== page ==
We returned inside the station and sat next to each other but on opposite benches.
We had broken the ice and started to inquire about each other work and employer. (I will keep that private). Still, Suma did not waste time and worked diligently. We were both in software development and we shared very short demonstrations of our projects to each other.
Our impatience grew and the bus from Peoria had not arrived. Suma shared a picture of her son, and I showed how the picture could be cropped so that the focus becomes on her son instead of the door, the alarm o’clock on the cupboard.
She showed me a picture of her wearing a beautiful India saree. Next to her stood a man wearing an untucked shirt and a pair of jeans. What a contrast! I abhor the picture of a woman that spent time prettying herself and put colorful clothes and matching jewelry next to a man that really does not care how he appears. The worst is a man wearing a t-shirt on which I Love NY or something else is written and standing next to a beautifully dressed woman. I told Suma to demand that, from now on, her husband must to wear traditional Indian clothes or a suite and a tie. She laughed.
Why don’t many men care how they look in pictures with their beautifully dressed spouses? Pictures are better when all family members are neatly and nicely dressed and groomed.
At 10:35 AM and almost an hour late, the PCC bus finally arrived, and we got inside after the driver placed our suitcases in the luggage compartment. Once inside, I asked Suma to sit on a seat on the opposite side of mine, and she graciously accepted.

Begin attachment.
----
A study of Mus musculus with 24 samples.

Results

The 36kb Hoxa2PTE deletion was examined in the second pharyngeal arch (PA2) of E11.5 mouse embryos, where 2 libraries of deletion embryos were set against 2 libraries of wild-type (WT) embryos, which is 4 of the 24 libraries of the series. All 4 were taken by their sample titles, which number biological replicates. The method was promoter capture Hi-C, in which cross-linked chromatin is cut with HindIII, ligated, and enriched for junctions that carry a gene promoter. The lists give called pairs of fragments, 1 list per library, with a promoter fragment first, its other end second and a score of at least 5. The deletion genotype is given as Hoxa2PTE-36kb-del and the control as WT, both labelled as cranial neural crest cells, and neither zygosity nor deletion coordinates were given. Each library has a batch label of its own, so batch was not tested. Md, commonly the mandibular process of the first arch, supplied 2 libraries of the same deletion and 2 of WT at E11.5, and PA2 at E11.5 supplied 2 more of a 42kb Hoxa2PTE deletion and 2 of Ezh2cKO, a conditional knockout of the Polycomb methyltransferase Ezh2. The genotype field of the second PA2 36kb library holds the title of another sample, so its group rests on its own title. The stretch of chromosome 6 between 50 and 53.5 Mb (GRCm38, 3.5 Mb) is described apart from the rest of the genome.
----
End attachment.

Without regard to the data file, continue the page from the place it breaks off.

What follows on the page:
I learned that Suma first got a BS in Pharmacy but later switched to information systems in graduate school. That interest in medicine resulted in her cosmetic and hair stylist sideline jobs. She even worked in a beauty salon. She showed me two black, beautiful, and long hair styles she did. One was of her niece in India.
When our discussion turned to food, she said that she has brought Masala Puri with her to eat if she got hungry. I jokingly said that if she would have to share it with me.
“No, no,” you can have all of it,” she said.
“Maybe half,” I insisted.
She pushed her lunch on me and I started to feel bad for taking her food and worried she would get hungry later. I ate all of her delicious homemade Masali Puri, and I thought that I was going to India and my journey started with eating India food cooked by an Indian woman whom I did not know two hours earlier.